On our second Wednesday we took a joint field trip to an organic farm outside of Turrialba near Cartago. This was another opportunity to see how small farms can incorporate tourism into their operations. The field trip involved us working on the farm, which was actually really great because we got to see what life is like on a small family-owned farm in Costa Rica. The trip also allowed us to witness first-hand some of the things we had been discussing in class related to food production and non-organic monoculture vs. organic farming methods. We had discussed the problems of just planting one crop throughout an entire farm, such as susceptibility to disease and crop loss (i.e. potato famine in Ireland). Planting several different types of crops greatly reduces such widespread disease and better supports the natural ecosystem. After arriving at the farm we participated in a short tour and then we started making compost. The compost was a Japanese recipe called Bokashi (I won't go in to detail what we put in there ; D).
After making compost for a while the instructor decided that we should quit an we went out on the farm and started planting crops. We developed a system with all of us students to efficiently plant lettuce and green onion. It was great! I love getting my hands dirty and in the soil - it really makes you appreciate the food you eat and take for granted everyday!
Once done, the farmer took us all to his house and they cooked us a big meal, which was greatly appreciated after a morning of hard work.
Wednesday, August 8, 2012
Although I am back from Costa Rica already (sadly), I still want to recap the events that occurred during my trip. After the last events that I had previously posted we embarked on our first weekend trip to Manuel Antonio National Park. The trip was fantastic! On the way to our destination we stopped at a bridge and saw crocodiles that were lounging in a river. The sight was one that I have never encountered before and it felt like a glimpse into a prehistoric world. I felt lucky to see such creatures in the wild because who knows how much longer they will be around on this planet. In fact, these wild crocodiles are being impacted from humans everyday as more and more tourists visit the area, throw down food and other trash and disrupt the crocs natural habitat.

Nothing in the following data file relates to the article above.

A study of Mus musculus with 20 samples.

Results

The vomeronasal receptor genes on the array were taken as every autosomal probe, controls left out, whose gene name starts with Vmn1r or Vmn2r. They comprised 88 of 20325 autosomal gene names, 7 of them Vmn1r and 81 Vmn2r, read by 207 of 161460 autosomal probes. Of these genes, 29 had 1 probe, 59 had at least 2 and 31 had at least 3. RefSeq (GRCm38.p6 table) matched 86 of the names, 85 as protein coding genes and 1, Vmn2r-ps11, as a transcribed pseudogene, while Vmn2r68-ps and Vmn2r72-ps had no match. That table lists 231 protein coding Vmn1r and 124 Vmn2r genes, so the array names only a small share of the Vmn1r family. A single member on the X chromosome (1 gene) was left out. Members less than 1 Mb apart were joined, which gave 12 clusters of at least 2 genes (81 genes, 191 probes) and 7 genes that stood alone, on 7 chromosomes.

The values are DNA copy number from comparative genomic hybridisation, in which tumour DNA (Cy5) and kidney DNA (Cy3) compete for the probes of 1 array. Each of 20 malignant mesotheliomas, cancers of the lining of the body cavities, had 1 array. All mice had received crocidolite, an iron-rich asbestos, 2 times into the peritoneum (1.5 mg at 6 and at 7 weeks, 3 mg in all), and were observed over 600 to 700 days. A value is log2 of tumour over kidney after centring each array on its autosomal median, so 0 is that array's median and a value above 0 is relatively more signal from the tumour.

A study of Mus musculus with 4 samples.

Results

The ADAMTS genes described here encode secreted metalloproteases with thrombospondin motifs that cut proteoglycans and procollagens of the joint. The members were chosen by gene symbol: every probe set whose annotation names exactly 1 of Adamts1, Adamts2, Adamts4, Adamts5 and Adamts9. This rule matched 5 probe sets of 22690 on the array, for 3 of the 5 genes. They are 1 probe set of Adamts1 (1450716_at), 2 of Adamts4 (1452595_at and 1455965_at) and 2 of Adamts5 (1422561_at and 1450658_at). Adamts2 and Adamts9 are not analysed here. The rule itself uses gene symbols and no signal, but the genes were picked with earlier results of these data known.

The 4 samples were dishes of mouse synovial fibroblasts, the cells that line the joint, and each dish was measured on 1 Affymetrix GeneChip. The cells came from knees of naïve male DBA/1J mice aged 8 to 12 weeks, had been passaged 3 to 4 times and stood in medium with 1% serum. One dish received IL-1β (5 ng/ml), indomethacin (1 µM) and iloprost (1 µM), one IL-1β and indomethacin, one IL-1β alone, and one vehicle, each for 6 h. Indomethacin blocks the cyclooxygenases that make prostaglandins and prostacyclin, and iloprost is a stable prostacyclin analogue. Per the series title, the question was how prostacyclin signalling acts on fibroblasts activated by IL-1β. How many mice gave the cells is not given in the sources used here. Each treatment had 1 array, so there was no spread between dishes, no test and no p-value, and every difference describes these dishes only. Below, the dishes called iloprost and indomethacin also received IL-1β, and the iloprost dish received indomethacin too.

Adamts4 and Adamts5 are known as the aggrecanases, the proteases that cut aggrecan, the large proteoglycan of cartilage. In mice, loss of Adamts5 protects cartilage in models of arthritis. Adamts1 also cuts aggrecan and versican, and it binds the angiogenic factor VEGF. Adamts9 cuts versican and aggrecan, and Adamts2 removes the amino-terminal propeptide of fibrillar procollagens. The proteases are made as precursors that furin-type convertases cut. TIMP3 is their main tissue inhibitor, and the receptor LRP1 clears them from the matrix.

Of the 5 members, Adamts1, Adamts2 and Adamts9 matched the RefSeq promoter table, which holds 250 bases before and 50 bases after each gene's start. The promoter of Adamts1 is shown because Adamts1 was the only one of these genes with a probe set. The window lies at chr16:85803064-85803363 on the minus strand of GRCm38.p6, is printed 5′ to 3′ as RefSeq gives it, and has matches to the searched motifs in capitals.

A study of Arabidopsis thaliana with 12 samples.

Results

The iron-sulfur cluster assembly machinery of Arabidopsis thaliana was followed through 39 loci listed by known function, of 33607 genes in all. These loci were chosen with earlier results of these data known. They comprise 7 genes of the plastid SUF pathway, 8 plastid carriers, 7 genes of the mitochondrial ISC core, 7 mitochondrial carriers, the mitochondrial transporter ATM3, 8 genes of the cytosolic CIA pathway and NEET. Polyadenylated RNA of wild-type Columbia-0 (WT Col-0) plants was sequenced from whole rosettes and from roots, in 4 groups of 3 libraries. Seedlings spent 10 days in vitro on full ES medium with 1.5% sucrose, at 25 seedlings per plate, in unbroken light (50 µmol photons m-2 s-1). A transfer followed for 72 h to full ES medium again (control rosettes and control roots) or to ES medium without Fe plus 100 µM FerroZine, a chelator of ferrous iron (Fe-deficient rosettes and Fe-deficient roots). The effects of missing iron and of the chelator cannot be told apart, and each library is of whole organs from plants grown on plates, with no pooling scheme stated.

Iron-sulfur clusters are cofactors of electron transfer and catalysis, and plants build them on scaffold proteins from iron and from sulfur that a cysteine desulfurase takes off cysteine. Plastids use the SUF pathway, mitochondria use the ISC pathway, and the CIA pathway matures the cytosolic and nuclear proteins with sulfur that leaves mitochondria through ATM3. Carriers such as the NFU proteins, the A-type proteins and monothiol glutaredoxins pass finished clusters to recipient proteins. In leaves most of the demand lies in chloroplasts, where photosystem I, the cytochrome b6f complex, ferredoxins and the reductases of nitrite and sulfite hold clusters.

Upon arrival into the Manuel Antonio area we stopped at our hotel to have a personal meeting with the owner to discuss sustainable tourism. The conversation was quite enlightening because he shed light on the issues he faces as a small business owner trying to compete with larger hotels while enforcing sustainable tourism policies and programs. Costa Rica has a leaf rating system that ranks hotels based on their environmental, socio-cultural, and economic policies. This program is called CST or Certification of Sustainable Tourism. Although it is beneficial that Costa Rica has such a program, we learned that it impacts both small and large hotel operations in many different ways.
That night we went and had a fantastic dinner in Quepos, a small town near Manuel Antonio. After our meal we walked down to the beach and found out that walking around without a raincoat or umbrella was not such a good idea.
The next day we got up early and headed to the National Park of Manuel Antonio. Walking through the jungle was quite nice but after spending our time in such a small village (Turrialba) it felt odd being around so many tourists. We learned that Manuel Antonio hosts thousands of tourists each year and that it is one of the most popular Costa Rican destinations. This makes sense as the park was beautiful and the beaches pristine. However, you could see the impact that the guests had on the area, such as the monkeys on the beach who acted very aggressively towards people, steeling their food. This human-wildlife interaction has many implications. The monkeys have started eating a diet of human junk foods they gather in the park. These foods are not even healthy for humans, let alone our for our primate relatives.
My favorite encounter in the park was seeing the sloths. These creatures are remarkable and yet very lazy (which is probably why the Spanish word for them is the same word for ‘lazy’). I also enjoyed spending time at the beach, breaking open my first coconut, and seeing iguanas sun bathing.
Later, we went and participated in a tour of the Arenas Del Mar Hotel with the Sustainability Director. This was very interesting for me because I did similar work for a property in Washington State last year during an ‘Environmental Internship’ with Aramark Parks and Destinations. This property demonstrated that a hotel could be both a five-star and a five-leaf (the highest leaf rating in the CST) property simultaneously, despite the myth that luxury and sustainability counteract one another. It was interesting to hear that they encountered many of the same challenges that I faced while in my internship, such as employee engagement, public interpretation and education, and infrastructure investments. It was really interesting to hear how the sustainability program saved the hotel a lot of money, created positive relations with the local community, and assisted in environmental preservation.
The next morning we got up and tried our hands at surfing, which none of us had done before (except for our instructor Eric). The waves were very large though and all of us pretty much walked away feeling like the ocean had beat us up. I absolutely loved it though and I am so glad that we tried it. I cannot wait to try again under better circumstances. One word of advice – do not take any money or credit cards with you unless you have a pocket that zips as my Velcro failed and I lost mine : (
Overall, it was a superb trip to a very different part of Costa Rica, one that differed greatly from the Turrialba region.